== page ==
The following blog was written by WorkHound CEO, Max Farrell, and published recently on CCJ.com in CCJ Commentary.
In the trucking industry as a whole, data is the focus. Telematics can tell us where our trucks are, how fast they’re going, whether or not a driver is wearing a seatbelt, and so much more. Because of the ways in which this information can be utilized — to minimize the possibility of accidents, to earn a better overall reputation, and to lower skyrocketing insurance rates, to name a few — we find that companies are often so deep in the weeds of analyzing data, they’re overlooking a very critical element of their company’s success: how their drivers actually feel.
Enabling thousands of drivers to contribute real-time feedback via text message has taught me and my company quite a bit about the impact of the immeasurable parts of safety. Working with companies across the country to solicit and respond to anonymous driver feedback has uncovered some staggering trends over the past several months.
While companies are worried about things like harsh braking and truck speed, drivers are worried about themselves. Not only is this a very human condition — after all, we wake up each day as the hero of our own story — but the realities of our current health and social climates pose a significant perceived threat to drivers who don’t have the option to stay home.
In April, 23 percent of all driver feedback referenced the Coronavirus. As we see an upswing in protests and civil unrest across the country, we’re fielding urgent questions like, “What do I do if I come across a protest blocking traffic in the direction I’m headed? Do I keep driving?”
Drivers are worried for their own safety. They’re concerned about their families. They’re facing uncertainty about the stability of their jobs. But what we’ve learned over the years is that a little proactivity on the part of an employer can go a long way in easing drivers’ concerns.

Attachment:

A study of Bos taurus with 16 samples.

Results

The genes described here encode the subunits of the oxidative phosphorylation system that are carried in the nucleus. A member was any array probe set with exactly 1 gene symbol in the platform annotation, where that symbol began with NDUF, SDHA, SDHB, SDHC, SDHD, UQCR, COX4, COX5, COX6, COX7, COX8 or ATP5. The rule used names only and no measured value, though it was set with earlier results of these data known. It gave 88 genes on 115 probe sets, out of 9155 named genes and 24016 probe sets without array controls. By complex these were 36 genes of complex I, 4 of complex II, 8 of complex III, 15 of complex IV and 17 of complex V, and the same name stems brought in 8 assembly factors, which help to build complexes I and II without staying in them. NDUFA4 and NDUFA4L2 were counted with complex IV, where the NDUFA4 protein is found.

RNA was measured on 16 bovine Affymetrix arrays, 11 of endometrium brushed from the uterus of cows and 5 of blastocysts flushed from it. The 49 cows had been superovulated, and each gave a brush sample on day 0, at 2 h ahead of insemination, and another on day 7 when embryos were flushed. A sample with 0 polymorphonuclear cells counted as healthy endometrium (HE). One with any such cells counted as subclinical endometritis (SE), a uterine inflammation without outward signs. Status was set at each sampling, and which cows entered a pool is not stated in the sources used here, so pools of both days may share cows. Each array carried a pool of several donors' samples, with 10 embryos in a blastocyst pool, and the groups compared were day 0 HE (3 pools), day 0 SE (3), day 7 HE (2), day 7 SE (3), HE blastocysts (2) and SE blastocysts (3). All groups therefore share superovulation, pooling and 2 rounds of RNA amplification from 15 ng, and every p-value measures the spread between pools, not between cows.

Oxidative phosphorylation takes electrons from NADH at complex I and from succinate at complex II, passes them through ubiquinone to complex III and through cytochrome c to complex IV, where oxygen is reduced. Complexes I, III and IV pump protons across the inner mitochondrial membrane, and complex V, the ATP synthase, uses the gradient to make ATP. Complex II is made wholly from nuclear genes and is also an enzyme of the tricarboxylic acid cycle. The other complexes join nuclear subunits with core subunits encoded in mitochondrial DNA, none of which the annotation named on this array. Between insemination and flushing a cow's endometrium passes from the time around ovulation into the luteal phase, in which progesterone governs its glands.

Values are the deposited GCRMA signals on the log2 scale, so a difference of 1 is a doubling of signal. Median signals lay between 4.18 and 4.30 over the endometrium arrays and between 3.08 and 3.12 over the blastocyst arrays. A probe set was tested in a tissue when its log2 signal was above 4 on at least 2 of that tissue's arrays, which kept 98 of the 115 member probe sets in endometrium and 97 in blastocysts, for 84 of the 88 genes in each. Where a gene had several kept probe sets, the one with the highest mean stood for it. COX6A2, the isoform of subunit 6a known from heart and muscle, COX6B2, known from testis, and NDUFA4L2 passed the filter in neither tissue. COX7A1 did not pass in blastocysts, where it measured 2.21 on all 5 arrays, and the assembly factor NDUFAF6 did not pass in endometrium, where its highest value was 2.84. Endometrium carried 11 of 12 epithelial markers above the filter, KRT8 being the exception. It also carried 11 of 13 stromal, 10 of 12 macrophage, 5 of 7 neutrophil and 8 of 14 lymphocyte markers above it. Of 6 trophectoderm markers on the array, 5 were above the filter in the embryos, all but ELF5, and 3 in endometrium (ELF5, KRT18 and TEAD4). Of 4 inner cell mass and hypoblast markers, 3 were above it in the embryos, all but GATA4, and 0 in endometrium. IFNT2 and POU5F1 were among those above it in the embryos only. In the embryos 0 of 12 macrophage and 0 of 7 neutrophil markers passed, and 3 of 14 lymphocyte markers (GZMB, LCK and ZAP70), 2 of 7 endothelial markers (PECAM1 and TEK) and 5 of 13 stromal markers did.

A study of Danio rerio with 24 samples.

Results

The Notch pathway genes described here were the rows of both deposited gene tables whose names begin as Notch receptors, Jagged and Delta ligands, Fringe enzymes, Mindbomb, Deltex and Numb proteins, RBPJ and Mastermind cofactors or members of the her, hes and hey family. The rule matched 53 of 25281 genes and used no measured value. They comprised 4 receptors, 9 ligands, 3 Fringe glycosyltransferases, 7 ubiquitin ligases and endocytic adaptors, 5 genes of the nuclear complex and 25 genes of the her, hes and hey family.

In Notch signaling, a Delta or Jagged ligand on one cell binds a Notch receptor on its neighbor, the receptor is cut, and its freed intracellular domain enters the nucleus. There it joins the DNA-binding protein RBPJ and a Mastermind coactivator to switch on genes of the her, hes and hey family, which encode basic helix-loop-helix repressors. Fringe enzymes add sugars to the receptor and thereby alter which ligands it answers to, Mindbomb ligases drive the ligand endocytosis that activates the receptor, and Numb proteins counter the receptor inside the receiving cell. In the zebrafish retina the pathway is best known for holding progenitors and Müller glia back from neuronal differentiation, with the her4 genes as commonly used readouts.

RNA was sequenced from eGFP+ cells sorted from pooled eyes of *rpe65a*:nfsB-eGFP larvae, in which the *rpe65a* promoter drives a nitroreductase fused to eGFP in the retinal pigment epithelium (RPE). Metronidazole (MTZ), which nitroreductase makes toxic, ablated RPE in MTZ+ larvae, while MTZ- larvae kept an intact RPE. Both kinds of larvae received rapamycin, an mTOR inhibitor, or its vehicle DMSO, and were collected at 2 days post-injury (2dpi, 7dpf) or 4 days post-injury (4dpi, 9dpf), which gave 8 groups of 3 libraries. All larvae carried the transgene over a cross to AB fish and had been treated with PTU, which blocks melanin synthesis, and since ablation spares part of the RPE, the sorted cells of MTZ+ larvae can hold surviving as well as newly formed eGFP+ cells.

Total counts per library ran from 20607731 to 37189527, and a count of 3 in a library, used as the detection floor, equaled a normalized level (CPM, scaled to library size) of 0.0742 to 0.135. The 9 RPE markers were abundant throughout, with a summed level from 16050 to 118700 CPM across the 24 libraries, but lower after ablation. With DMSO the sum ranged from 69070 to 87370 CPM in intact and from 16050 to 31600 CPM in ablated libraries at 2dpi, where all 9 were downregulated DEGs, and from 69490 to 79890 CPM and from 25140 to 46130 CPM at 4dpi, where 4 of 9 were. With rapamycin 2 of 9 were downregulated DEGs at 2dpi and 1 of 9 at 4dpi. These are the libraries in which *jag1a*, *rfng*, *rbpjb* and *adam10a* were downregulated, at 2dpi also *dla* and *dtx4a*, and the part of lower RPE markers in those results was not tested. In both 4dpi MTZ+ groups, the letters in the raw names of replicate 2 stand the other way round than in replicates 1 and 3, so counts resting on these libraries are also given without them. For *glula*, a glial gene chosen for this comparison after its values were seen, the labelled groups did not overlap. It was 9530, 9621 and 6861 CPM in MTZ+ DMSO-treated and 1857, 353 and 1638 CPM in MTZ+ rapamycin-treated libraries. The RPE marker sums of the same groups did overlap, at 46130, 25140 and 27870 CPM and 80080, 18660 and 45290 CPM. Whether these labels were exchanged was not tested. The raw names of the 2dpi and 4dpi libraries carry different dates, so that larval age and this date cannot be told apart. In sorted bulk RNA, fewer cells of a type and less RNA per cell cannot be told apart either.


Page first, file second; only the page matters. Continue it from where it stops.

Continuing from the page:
If you’re a trucking company considering ways to offer a sense of safety to your drivers, my simplest piece of advice is to be the copilot. While you or I may be able to check on breaking news via Twitter or news broadcasts, drivers can’t scroll through the latest feeds on the road.
Drivers need dispatchers and company leadership to be sharing updates and addressing unique considerations related to COVID-19 hotspots and active protests routinely. They need to know you’re doing your research and taking the time to consider their safety. They need to be met with empathic leadership.
You know that old saying, “They won’t remember what you said. They’ll remember how you made them feel”? At the end of the day, as leaders, this has to be our guiding principle. The truth is, we’re asking a lot from drivers in these uncertain times. In order for them to step up to that challenge, we need to show them that their safety is our utmost concern.